Leaked crude resurfaces in the Gulf, 2 years after disaster

HOUSTON -- Leaked crude oil from the 2010 Deepwater Horizon offshore drilling rig explosion and oil spill has resurfaced in the Gulf of Mexico, the federal government reported yesterday.

In a notice posted on its website late last night, the Federal On-Scene Coordinator (FOSC) for the Macondo well spill cleanup operation said an oil sheen discovered on the water surface near the spill site matches oil that gushed out of that ill-fated offshore well, in what became the largest offshore oil spill in U.S. history.

The sheen was first spotted on Sept. 16, and the Coast Guard has been investigating it ever since. Roughly 1 million barrels of crude oil leaks naturally into the Gulf's waters each day, and natural oil sheens are a common occurrence, a fact that might have tempered government and media responses to the initial reports of the sheen.

But the FOSC reports that the Coast Guard has determined that crude oil samples tested at its Marine Safety Lab in New London, Conn., "indicate the sheen correlates to oil that originated from BP's Macondo well."

The government is cautioning that the discovery doesn't mean that the well is still releasing oil into the environment. They theorize that the sheen could be a surfacing of residual crude oil left over from the deadly 2010 well blowout.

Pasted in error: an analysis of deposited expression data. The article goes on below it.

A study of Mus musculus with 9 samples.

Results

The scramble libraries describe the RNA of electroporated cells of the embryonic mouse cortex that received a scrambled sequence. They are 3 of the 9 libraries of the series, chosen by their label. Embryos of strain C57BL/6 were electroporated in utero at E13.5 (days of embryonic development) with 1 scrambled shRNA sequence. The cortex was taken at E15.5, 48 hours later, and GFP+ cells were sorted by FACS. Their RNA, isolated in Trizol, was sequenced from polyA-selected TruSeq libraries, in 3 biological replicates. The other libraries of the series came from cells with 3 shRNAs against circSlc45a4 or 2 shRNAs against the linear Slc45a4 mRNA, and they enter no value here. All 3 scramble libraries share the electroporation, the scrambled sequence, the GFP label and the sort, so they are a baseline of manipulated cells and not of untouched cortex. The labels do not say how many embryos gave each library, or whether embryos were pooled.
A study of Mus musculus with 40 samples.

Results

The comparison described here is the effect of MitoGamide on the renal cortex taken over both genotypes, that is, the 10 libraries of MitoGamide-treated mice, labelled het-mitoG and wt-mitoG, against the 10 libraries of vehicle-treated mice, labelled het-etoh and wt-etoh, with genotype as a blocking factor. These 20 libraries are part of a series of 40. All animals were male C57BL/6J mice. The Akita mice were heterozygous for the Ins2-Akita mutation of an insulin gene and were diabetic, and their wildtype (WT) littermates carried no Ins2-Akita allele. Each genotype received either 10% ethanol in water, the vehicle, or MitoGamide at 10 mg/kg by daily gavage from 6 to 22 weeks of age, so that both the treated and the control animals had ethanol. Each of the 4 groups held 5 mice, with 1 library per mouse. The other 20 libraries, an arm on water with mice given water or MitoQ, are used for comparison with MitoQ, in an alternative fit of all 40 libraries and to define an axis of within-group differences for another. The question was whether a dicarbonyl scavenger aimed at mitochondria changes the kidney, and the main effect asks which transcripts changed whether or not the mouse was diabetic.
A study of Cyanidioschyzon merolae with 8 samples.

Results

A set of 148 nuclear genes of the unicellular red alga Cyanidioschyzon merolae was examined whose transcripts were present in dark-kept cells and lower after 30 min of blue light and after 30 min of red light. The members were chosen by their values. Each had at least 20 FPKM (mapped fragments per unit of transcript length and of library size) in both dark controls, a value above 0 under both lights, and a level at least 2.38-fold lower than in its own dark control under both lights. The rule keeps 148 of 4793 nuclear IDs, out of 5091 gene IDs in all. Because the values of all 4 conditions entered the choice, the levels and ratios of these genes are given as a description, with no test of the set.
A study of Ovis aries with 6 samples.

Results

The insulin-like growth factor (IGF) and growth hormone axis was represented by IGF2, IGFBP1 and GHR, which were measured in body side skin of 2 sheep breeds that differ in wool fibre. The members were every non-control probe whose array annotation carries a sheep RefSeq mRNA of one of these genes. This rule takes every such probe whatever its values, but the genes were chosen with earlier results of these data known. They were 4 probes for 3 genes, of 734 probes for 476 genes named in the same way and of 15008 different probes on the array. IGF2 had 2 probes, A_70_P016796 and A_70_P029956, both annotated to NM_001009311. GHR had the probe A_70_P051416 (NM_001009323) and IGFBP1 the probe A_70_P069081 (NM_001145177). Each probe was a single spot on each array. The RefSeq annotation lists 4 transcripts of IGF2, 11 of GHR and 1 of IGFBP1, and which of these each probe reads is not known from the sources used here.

"The exact source of the sheen is uncertain at this time but could be a residual oil associated with wreckage and/or debris left on the seabed from the Deepwater Horizon incident in 2010," the FOSC said.

In the notice, government representatives say they have informed both BP PLC, the operator of the Macondo well, and Deepwater Horizon rig owner Transocean of the results of their testing. The two companies have also been put on notice that they may be financially liable for the costs associated with cleaning up the oil sheen.

Still, the government says the oil sheen currently poses no immediate risk to the nearby coastal Louisiana environment.

"The sheen is not feasible to recover and does not pose a risk to the shoreline," FOSC said.

Roughly 5 million barrels of crude oil leaked into the Gulf of Mexico as a result of the loss of well control and blowout at Macondo. Eleven rig workers lost their lives in that accident.